One goal of any auto repair business is to provide quality service that people want to buy.  We’ve all seen or heard about what can happen when people get poor service and complain about it.  Law suits are filed all the time against companies for unethical practices and faulty products.  Earning more money is not to be gained at the expense of proper customer service.

How important is customer service?  It is a vital part of your auto repair business.  Satisfied customers keep coming back.  They will tell their friends about you and they will buy from you.  It is the way that business owners ensure that their business will continue.

I try to put myself in the customer’s shoes.  Actually, I am not just a small business owner but a consumer as well.  I know what constitutes excellent customer service to me and anyone I do business with deserves no less than that.

One thing about customers; you never know who they know.  Any one of them could be a person with a lot of influence in their town or city.  A word from them could send people to your website.  On the other hand, their job could allow them the opportunity to tell others of influence that you don’t provide good customer service.

All right, so it could be a hundred to one shot that one of your customers is someone like this.  But, the average customer who is concerned about customer service can post a bad review on forums, eBay, and other places where you may be looking for new customers.  And, the truth is, people flock to bad news.  They will think twice about using your services if it is floating around in the ether that you are a bad egg.

As your auto repair business grows, so will your customer service responsibilities.  The people who purchase goods or use your services are more than dollar signs.  They have lives and spheres of influence.  Treating each one like gold is our responsibility.

It is a mistake to think that your business could ever get so big that one customer doesn’t count.  It is also a mistake to think that providing a cheap product just to make money won’t come back to haunt you.  It is a fact that it will.  You could be on the receiving end of a suit.  This is not a good way to do business.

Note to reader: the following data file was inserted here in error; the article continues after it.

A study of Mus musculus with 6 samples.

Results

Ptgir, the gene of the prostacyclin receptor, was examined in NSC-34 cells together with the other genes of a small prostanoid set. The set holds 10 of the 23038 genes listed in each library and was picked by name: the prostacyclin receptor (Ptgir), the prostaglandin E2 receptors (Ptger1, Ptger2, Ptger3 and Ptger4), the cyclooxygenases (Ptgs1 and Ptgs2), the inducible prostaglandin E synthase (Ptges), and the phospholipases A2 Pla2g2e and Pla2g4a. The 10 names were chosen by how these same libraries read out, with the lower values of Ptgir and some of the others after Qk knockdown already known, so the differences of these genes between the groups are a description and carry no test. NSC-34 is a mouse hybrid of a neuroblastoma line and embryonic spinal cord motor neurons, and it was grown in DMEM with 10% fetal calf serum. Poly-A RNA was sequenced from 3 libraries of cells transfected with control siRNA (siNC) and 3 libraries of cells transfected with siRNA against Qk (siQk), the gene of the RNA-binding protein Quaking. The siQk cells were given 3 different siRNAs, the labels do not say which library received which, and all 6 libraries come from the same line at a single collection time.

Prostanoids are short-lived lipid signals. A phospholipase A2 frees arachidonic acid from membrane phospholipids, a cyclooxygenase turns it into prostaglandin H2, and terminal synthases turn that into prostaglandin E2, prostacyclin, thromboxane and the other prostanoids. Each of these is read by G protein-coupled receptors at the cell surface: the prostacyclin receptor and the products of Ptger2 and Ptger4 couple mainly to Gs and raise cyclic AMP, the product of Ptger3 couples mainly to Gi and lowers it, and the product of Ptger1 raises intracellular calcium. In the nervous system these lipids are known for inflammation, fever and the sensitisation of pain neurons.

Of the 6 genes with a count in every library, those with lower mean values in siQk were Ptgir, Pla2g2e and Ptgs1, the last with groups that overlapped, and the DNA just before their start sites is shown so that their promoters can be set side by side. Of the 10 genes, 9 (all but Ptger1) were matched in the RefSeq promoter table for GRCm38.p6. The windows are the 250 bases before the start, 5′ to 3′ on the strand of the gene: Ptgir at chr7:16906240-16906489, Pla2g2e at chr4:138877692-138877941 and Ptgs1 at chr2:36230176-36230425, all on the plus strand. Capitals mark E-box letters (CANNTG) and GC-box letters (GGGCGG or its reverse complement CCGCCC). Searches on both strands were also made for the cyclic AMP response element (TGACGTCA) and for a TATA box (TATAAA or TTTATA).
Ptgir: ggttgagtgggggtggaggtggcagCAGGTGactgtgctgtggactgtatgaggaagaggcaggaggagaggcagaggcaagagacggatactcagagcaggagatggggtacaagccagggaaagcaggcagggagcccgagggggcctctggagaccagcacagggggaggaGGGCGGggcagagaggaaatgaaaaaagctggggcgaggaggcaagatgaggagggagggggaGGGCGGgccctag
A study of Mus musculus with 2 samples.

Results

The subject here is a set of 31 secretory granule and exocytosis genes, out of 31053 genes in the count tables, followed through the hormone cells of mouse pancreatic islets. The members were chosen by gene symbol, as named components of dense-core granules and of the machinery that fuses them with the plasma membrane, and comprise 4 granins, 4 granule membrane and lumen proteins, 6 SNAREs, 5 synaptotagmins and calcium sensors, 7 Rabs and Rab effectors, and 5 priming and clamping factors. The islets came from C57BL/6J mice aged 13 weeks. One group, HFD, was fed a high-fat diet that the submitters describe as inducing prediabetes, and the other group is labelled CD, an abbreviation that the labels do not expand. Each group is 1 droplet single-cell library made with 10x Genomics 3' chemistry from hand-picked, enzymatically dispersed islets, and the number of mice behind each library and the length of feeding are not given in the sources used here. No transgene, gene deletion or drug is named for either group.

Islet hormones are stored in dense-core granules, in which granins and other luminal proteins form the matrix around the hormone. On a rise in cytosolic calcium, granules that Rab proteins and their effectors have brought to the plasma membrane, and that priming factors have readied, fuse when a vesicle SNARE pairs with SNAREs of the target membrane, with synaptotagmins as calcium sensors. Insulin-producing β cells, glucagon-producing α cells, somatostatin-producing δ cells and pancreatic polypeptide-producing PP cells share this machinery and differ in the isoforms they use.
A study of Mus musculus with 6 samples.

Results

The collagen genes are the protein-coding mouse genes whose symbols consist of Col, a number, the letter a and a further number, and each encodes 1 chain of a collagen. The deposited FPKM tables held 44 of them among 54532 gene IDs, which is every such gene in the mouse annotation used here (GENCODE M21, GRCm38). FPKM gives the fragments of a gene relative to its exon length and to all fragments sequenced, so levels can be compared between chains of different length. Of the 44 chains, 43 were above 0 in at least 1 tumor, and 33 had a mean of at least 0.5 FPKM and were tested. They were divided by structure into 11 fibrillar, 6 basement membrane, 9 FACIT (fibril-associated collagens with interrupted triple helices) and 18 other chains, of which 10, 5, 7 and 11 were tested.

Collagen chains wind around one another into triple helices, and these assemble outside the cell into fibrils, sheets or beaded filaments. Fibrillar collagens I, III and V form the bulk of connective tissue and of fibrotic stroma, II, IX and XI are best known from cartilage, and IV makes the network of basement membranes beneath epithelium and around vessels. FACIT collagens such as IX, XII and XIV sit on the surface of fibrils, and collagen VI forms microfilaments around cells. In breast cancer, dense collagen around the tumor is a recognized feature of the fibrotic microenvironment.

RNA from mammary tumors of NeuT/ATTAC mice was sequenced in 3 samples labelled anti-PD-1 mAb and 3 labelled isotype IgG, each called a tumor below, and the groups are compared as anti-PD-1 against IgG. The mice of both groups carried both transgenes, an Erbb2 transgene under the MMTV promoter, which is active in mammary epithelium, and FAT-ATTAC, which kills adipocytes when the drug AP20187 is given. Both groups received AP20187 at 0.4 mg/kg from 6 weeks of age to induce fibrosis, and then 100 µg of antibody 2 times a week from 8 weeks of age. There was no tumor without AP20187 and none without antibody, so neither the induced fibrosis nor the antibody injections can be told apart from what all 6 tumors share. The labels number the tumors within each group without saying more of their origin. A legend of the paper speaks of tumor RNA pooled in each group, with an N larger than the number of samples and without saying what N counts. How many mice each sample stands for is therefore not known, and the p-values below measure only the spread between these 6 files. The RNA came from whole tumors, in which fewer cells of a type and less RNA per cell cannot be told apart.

But, neither profits nor customer service has to be suspended to have a successful business.  It you feel that customer service is getting lax because you are spending most of your time marketing the business, consider outsourcing parts of the operation.  Set up email drafts and use other features to handle emails effectively and in a timely manner.

There is always a way to make it work.  Consistently providing good customer service will help expand your customer base and your image on the Internet.  This is vital to continued growth in your industry.


      It always amazes me when I hear about a technician who quits one repair shop to go work at another shop for less money. I know you have heard of this too, and you’ve probably asked yourself, “Can this be true? And Why?” The answer rests within the culture of the company. More specifically, the boss, manager, or a toxic work environment literally pushed the technician out the door.
      While money and benefits tend to attract people to a company, it won’t keep them there. When a technician begins to look over the fence for greener grass, that is usually a sign that something is wrong within the workplace. It also means that his or her heart is probably already gone. If the issue is not resolved, no amount of money will keep that technician for the long term. The heart is always the first to leave. The last thing that leaves is the technician’s toolbox.
      Shop owners: Focus more on employee retention than acquisition. This is not to say that you should not be constantly recruiting. You should. What it does means is that once you hire someone, your job isn’t over, that’s when it begins. Get to know your technicians. Build strong relationships. Have frequent one-on-ones. Engage in meaningful conversation. Find what truly motivates your technicians. You may be surprised that while money is a motivator, it’s usually not the prime motivator.
      One last thing; the cost of technician turnover can be financially devastating. It also affects shop morale. Do all you can to create a workplace where technicians feel they are respected, recognized, and know that their work contributes to the overall success of the company. This will lead to improved morale and team spirit. Remember, when you see a technician’s toolbox rolling out of the bay on its way to another shop, the heart was most likely gone long before that.